The Ted Stevens Marine Research Institute at Lena Point is nearing completion, with a likely move-in date set for Jan. 8, National Oceanic Atmospheric Administration officials said Friday.
"It is such a cool place. The building looks fabulous - we are excited about moving," said Steve Ignell, deputy director of the NOAA Auke Bay laboratory.
The new 65,000-square-foot research center houses a laboratory that will replace the agency's current facilities at Auke Bay. Construction of
"I think (construction) has been going very well. We are in our final countdown," said Del Bishop, vice president for J.E. Dunn, the Seattle-based construction company contracted for the job.
Bishop said the building will be ready for a final walk-through with the new owners Nov. 1.
The total budget for the project was estimated at $51 million, Ingall said. While the final tally has yet to be done, Ignell said he believes the costs will fall within the allotted budget.
About half the building is offices while the other half comprises labs. Bishop said it is a complicated building because of its scientific nature.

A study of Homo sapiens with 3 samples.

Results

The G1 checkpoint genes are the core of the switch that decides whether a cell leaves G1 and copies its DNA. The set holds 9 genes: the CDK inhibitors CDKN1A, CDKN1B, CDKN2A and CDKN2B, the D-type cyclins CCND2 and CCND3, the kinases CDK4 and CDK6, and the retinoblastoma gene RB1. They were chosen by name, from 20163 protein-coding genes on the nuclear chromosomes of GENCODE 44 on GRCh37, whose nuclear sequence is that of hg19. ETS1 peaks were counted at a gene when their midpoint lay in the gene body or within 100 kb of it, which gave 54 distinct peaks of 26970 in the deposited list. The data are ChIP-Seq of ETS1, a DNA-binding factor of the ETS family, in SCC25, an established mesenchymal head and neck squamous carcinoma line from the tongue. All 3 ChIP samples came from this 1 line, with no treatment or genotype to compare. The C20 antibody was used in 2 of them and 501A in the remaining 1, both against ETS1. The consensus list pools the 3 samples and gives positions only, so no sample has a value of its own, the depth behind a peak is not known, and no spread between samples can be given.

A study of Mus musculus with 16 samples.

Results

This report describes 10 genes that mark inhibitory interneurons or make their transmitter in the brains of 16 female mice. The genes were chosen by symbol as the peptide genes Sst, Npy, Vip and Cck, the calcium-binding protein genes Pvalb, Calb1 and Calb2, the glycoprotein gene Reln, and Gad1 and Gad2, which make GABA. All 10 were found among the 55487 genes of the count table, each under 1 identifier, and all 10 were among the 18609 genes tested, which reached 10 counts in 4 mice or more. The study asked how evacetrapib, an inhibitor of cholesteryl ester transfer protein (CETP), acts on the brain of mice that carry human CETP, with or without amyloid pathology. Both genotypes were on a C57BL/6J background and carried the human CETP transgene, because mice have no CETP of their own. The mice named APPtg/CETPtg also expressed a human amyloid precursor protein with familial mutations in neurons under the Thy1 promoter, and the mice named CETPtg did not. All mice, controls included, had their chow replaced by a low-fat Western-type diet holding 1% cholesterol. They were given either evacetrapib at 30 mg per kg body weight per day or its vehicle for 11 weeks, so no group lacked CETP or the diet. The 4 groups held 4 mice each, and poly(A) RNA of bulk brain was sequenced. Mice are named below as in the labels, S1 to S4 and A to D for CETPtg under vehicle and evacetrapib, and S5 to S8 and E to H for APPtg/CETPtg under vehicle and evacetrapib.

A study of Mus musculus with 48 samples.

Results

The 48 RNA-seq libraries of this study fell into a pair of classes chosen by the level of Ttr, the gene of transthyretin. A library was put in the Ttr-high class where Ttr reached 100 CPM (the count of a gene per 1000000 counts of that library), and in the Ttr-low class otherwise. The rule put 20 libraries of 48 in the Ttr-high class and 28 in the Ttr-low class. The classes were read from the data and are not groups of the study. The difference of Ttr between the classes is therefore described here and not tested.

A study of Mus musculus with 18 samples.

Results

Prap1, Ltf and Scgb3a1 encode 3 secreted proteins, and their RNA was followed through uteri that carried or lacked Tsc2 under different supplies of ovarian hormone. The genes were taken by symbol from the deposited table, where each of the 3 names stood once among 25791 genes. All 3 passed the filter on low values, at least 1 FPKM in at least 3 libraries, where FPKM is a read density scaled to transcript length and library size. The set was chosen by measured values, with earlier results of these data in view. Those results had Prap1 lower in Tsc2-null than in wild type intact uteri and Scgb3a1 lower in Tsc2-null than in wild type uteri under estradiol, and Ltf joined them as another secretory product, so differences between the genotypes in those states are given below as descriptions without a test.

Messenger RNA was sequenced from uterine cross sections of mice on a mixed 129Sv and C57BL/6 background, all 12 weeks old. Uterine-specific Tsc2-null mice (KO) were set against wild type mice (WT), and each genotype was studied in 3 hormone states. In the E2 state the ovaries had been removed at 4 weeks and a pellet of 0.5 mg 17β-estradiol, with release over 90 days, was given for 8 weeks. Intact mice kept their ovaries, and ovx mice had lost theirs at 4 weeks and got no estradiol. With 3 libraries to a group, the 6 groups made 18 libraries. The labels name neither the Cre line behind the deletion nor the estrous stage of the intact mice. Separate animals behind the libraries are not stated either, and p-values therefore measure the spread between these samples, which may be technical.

"In that regard it has been pretty challenging, but gratifying," he said.
NOAA will still use the Auke Bay center, but part of it will be leased to a host of government agencies in need of expansion, Ingall said.
During spring of 2007, more construction will begin at Lena Point when the University of Alaska Fairbanks starts work on its proposed academic and research center. UAF operates its School of Fisheries and Ocean Sciences work out of Juneau.
While the projects are separate, there has been collaboration between the two because some aspects - such as a gravity-powered 100,000-gallon seawater system for research - will be shared, Ignell said.
"We're close collaborators," he said. "Many of the people who work at the Auke Bay lab are graduate students. There are a number of joint research projects that we work together on."
The seawater system is necessary in the research center because flowing water is required at all times to maintain experiments and wildlife, Bishop said.
The university project is anticipated to cost nearly $23 million, with half of the funding coming from a measure passed by the Alaska Legislature in 2005.
The company contracted to build that project is the Anchorage office branch of the Kiewit Corp., a construction and mining firm.
Brittany Retherford can be reached at firstname.lastname@example.org.